For decades now the essential, but dull areas of logistics and sourcing have played second fiddle to the more exciting and high profile creative and commercial functions in the toy and game business. All this changed though in 2020 and 2021 with the COVID-19 pandemic. Massive counter seasonal consumer purchasing dislocated shipping containers, putting the entire container shipping industry out of sync. The result was a). massive container shipping increases and b). shortage of containers leading to issues shipping stock out of China and other Asian toy manufacturing hubs.

This pandemic caused disruption came about alongside another significant trend – that being the ebbing away of some toy manufacturing from China to other toy manufacturing locations. Vietnam, India and Indonesia have all benefited as China’s labour force no longer seem to want low paid production line jobs to the same mass extent they once did, and the resulting cost increases are making it hard to stay in the toy production business in China.

So now that we have (nearly!) got through the turbulent year that was 2021, what next? How will things pan out in 2022? Needless to say, there is a fair degree of unpredictability about things right now, with more covid waves rolling out, and yet another new variant. But despite this we do know that the shipping container issue has not been fully resolved. While demand has cooled as it always does post peak shipping across June to September, and while we have therefore seen a drop in container shipping prices, the outlook for 2022 is for a continuation of the shipping issues, but potentially (& hopefully!) to a lesser extent.

We do have Chinese New Year coming up of course, as well as some ongoing covid outbreaks in manufacturing hubs in China, which will reduce production and therefore also reduce demand for shipping during that period. So, there is a good chance that we will see some slack in the system. We also look unlikely to see full lockdowns around the world for an extended period as we had previously, which means the initial counter seasonal buying patterns are unlikely to be repeated on the same scale. In short, issues will continue but should lessen, at least a little.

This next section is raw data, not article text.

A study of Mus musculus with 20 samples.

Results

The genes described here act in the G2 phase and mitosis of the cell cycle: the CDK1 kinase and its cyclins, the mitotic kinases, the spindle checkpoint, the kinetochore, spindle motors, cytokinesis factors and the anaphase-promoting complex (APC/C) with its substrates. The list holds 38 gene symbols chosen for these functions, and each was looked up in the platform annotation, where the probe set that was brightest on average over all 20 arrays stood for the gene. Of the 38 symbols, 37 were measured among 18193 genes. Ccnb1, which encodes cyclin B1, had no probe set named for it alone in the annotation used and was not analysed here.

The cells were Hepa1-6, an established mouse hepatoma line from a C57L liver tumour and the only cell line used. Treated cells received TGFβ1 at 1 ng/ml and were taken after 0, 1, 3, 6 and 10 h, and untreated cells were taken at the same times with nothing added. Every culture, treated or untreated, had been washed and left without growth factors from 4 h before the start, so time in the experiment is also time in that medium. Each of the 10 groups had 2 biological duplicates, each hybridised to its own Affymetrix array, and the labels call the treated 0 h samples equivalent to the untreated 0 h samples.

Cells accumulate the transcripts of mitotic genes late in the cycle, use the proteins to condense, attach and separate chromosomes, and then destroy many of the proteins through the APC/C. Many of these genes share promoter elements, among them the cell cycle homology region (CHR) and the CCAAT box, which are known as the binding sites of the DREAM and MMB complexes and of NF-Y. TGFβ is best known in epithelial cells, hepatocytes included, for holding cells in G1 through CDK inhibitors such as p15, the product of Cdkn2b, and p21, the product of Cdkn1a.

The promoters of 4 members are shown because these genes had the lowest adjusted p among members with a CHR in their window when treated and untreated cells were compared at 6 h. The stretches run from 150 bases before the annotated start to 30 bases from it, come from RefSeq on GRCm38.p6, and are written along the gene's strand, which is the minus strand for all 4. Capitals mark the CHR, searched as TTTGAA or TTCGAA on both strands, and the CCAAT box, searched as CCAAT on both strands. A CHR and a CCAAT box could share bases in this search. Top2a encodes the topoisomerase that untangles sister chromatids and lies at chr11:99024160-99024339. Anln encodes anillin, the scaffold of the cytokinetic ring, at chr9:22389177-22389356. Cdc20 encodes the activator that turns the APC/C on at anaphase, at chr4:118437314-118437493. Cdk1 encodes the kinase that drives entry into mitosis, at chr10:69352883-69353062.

On the Sourcing side, the medium-term trend for relocation of toy & game production away from China looks set to continue. If you want to know more about what is driving this, you can watch our presentation on YouTube: ‘Toy Sourcing: The Next 10 Years (Why Nearly Everything We Know Is Going To Change’ –

Nearshoring is going to grow significantly over the next 10 years but starts from a very limited base, so is unlikely to pick up a lot of slack in 2022. Vietnam is somewhat bursting at the seams but will continue to grow nevertheless. India is the county with the largest latent industrial base and cheap labour in abundant quantity, and is also set to be part of the answer going forward – we are seeing more production move there for 2022 from major toy companies. Overall, as the toy business moves from a single-hub sourcing approach (i.e. China) to a multi-hub approach (including China) we’re going from a fairly smooth and relatively easy to manage sourcing function to a more fragmented and management intensive sourcing situation.

In conclusion, we expect toy companies will have to continue putting more onus on logistics and sourcing functions in 2022 and quite possibly beyond. It might not be quite as crazy in 2022 as it was in 2021, but it will be far from what we used to know as normal!